50 to 70 million adults in the USA now suffer from a chronic sleep or wakefulness disorder and 30% of adults have insomnia. Sleep, or lack thereof, impacts not just our physical bodies or our mental health, it impacts our salaries, how much money we're likely to earn over a lifetime, the amount of work place accidents we are involved in, and even early and unnecessary DEATH.

Photo by Kinga Cichewicz on Unsplash

According to the smart people over at the Sleep Foundation, adults should be getting about 7-9h of sleep each night.

I know they are experts in their field, but I respectfully disagree.

I like a good 9-10h of sleep. I can just sleep and sleep and sleep. If I’m really tired I will end up sleeping more, and if I’m well rested I sleep less.

But every boyfriend I’ve ever had has only required about 6h of sleep. 

My current boyfriend has a habit of waking up in the middle of the night and then being unable to go back to sleep.  

So instead of lying in bed tossing and turning, he will get up and make a cup of tea, then do some work on his laptop (he’s a computer programmer so functions best without distractions).  

Eventually he will come back to bed and sleep for a few more hours.

But he never complains about being tired, I’ve never caught him yawning at all, and he’s just always present and productive.

Me on the other hand…sigh! 

I will sleep for 9h, then snooze my alarm for 30min repeatedly, struggle to keep my eyes open, drink 2 cups of coffee quickly to help wake me up, yawn repeatedly until I’ve also had breakfast, eventually start to perk up by 10am at which point I do my best work for a few hours, until the afternoon where I start wishing for a nap.

Don’t even get me started on hayfever season, it seems to make me sleep even more, and deeper than usual.

So How Much Sleep Do You Really Need?

Here’s what I say, and this will be true for most things in life.

You need to learn to listen to your body!

Sometimes your body will need more sleep, and other times less.

Just like sometimes your body needs more food, and other times less.

I know we all like to ask the experts to see if we are doing it right, but learning to listen to what your mind or body needs or wants is the best thing you can do for yourself, in all areas of your life.

Human beings are complicated.  And diverse.

No 2 human beings look the same, walk or talk the same, have the same desires or questions or behaviours. We eat different foods and enjoy different activities.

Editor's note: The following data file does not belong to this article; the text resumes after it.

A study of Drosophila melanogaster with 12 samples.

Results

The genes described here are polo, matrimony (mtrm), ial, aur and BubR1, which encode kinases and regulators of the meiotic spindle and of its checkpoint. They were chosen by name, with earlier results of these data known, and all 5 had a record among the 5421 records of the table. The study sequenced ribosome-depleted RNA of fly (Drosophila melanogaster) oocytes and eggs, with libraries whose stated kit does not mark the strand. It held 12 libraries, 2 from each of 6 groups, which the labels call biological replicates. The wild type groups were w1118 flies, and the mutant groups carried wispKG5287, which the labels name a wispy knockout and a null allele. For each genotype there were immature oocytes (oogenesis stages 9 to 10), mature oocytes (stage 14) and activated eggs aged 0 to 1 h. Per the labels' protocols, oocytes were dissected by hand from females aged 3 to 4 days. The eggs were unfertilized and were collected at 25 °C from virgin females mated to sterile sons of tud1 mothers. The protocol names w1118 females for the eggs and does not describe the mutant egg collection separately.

Why should we then be told how much sleep you need, as if there is a one size fits all approach to sleeping?  

It doesn’t make sense!

What I say is do what you feel is necessary by listening to your body. 

Then giving it what it needs.

Focus On The Quality Of Your Sleep Instead

More than the amount of hours you sleep, the quality of your sleep is what matters.

You can spend 10h in bed, but still wake up tired after tossing and turning all night long.

Or you make sure that when you go to bed, you have a good night’s sleep without interruptions, so you wake up well rested and refreshed.

A well rested mind is a productive mind.

A tired mind is a lazy mind.

OK so I just made that up but it is more or less true.

When you properly give your brain and your body the opportunity to relax and recharge, you will feel far more energized the next day.

You will feel smarter, more intelligent, more relaxed and resilient, less stressed out and reactive to “threats” around you, and life will just be easier to navigate.

What Happens When You Are Regularly Sleep Deprived?

Not getting enough good quality sleep is very bad for your health.

Sleep deprivation can cause, or has been linked to:

How To Sleep Better

  • Cut back on sugar, caffeine and alcohol.
  • Avoid anything that will make you too excited at bedtime, like scary movies, social media, arguments with your sister.
  • Make sure your bed is comfy. No-one can have a good night’s sleep on a poor mattress with a lumpy pillow.
  • Make sure your room is a calm and peaceful place.
    • Keep it dark.
    • Tidy up.
    • Not too hot or too cold
  • Wear comfortable clothes or pajamas.
  • Exercise more.
  • Manage your stress.

Sleep Disorders

If you have tried everything on this page and you are still having problems falling asleep, then it’s time to see your doctor.

There are a number of real and dangerous sleep disorders that you could be suffering from.

Doctors need information to accurately diagnose you, so start by keeping a sleep journal or diary where you list the time and date and the problem you are experiencing.

Reevaluate your life

Personally for me, the biggest driver of a bad night’s sleep is and always will be stress.

When I am stressed, I become so tense that I am unable to fall asleep.

Your mind cannot fall asleep while your brain is busy thinking and your body tense.

You can only fall asleep when you can relax your body and your mind.

Stress makes that hard. My thoughts will circle back to every conversation I had that day, what I could have said, what I should have said, what I should have done and what I will do next time. 

Almost always, those thoughts take a negative turn, and I will become more anxious and tense the longer I keep it up.

It’s a perfect recipe for keeping me awake.

Learning how to manage your stress and calm your mind before bedtime is one of the quickest ways to improve the quality of your sleeping.Meditation, breathing exercises and practising gratitude will all help with that.